And yet, most early childhood educators make poverty-level wages. The Alaska Department of Labor and Workforce Development reports that a child care professional earns a mean wage of $12.76 per hour. Across the country, many early educators rely on public assistance to make ends meet for their own families.

If child care is so unaffordable, but early educators get paid so little, what’s missing from the picture?

Public investment.

The Center for the Study of Child Care Employment at UC Berkeley and Child Care Aware® of America has teamed up to create a video that explains why.

Watch now

High-quality early childhood education currently receives minimal public investment. But with just a few steps a week or a month, depending on your schedule, you can make a big difference in getting kids, families, and teachers the public funding they need.

Here’s how you can impact the lives of children and families:

  • Write a letter to the editor of your local paper. Talk about gaps in child care access or funding in Alaska. Respond to an article about lack of parity in child care salaries with an op-ed or letter to the editor. Share the latest research on child care and the child care workforce. Provide perspectives on legislation or candidates who should be focused on early education.
  • Talk to friends and family and share on social media. Don’t be afraid to tell people about what you’ve learned. Whether it’s new research in the field, an action alert regarding state or federal legislation, or your own personal experience with child care, the story about affordable child care and a well-compensated workforce needs to be told.
  • Join thread’s action center here, and sign on to petitions and action alerts from national and other state organizations fighting for the same goals. Subscribe to their newsletters so you’re always aware of early education issues on a national and state level.
  • Attend city council meetings and public board meetings and hearings. Bring up issues of child care cost or availability in your area and the need for increased wages for providers in order to recruit and retain a well-qualified workforce.
  • Show up to candidate town halls, roundtables, debates and other events. These can happen year-round, so be sure to track them. When you talk to candidates, ask about their plans to invest in early care and education including how they plan to help struggling families afford high-quality care and pay providers a living wage.
  • Join children’s coalitions and organizational boards. Make sure your perspective (whether it’s as a provider or parent) is represented.
  •  Visit your senator and representatives’ district offices. Share updates about new initiatives in child care funding, data reports on child care/the status of the workforce, and news about child care in your community or state. See below for some sample questions.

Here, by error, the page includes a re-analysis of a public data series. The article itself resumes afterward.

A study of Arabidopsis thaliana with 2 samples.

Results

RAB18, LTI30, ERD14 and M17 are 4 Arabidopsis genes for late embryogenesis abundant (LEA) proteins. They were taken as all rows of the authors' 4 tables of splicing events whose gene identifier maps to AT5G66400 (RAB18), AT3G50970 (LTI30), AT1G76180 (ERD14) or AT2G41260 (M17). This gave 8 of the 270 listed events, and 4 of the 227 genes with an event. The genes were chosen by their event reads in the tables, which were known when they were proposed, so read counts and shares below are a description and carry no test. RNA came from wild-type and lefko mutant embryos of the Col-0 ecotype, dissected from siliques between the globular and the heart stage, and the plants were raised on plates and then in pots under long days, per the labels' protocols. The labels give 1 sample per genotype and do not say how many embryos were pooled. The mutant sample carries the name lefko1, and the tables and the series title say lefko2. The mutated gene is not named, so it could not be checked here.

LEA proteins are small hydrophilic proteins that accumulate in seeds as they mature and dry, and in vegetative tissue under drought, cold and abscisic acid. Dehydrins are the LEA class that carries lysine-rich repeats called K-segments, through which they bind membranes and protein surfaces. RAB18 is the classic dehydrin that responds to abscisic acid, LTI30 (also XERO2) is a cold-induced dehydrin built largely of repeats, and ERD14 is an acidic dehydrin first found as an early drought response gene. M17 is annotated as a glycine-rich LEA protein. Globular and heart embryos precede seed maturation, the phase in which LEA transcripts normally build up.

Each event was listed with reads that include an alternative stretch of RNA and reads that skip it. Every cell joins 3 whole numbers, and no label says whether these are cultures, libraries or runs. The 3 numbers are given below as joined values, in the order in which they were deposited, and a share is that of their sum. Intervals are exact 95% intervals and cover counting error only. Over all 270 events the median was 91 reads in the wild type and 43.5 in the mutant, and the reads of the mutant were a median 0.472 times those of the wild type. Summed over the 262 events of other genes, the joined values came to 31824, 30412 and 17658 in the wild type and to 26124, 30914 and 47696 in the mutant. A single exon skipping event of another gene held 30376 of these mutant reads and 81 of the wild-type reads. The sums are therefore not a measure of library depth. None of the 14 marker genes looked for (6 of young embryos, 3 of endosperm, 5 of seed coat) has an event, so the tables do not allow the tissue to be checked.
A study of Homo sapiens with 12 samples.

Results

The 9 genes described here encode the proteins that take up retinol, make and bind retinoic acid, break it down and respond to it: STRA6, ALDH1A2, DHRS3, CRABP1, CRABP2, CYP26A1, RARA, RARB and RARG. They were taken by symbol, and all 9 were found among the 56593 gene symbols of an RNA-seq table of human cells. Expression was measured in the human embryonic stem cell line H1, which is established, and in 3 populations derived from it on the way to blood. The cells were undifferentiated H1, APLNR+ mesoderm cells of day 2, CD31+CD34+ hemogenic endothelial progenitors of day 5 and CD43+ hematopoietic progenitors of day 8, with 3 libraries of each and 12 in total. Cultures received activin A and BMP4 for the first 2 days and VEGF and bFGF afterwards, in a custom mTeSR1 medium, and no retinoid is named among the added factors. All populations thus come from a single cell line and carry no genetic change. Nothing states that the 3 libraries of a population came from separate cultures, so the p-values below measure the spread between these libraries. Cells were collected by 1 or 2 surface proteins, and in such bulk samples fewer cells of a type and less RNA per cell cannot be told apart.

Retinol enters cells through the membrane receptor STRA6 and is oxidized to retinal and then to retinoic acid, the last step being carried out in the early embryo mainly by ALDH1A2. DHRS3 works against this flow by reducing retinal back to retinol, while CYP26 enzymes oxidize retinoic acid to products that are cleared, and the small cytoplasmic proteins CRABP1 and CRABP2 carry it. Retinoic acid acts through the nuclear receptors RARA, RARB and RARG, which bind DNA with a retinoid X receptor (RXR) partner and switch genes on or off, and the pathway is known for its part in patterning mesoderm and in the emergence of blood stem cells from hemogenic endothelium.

Sample Questions to Ask Alaska’s Legislators

  • Child care is unavailable and unaffordable for many families in Alaska with costs often exceeding the average price of public college tuition. Do you support legislation to address this crisis and help more families with their child care costs?
  • Despite the high costs parents pay, child care teachers earn some of the lowest wages of anyone in the country. Will you support increased public investments to improve child care quality by increasing compensation and workplace supports for early educators, without increasing costs to families?
  • Alaska’s funding for child care assistance is insufficient to cover all children eligible for subsidies and to support high-quality child care including adequate salaries for child care teachers. Would you support increasing funding in the state budget to expand access to all eligible children and to raise reimbursement rates so that they cover the true cost of quality care?
  • Only 6 percent of low income workers, such as child care providers, receive paid family leave benefits. Would you support legislation to provide benefits such as health care and paid sick leave for child care providers?
  • The United States spends a lower percentage of our Gross Domestic Product (GDP) on early child care than almost any other industrialized nation. Would you support increased investments in early care and education to improve our system, increase pay for teachers, and make quality care more accessible and affordable for all families?
  • What will you do to help more families afford high-quality child care?
  • What will you do to ensure a living wage for child care providers?
  • How will you make sure no family pays more than seven percent of their income to child care?
  • How do you plan to make early care and education a priority in your administration?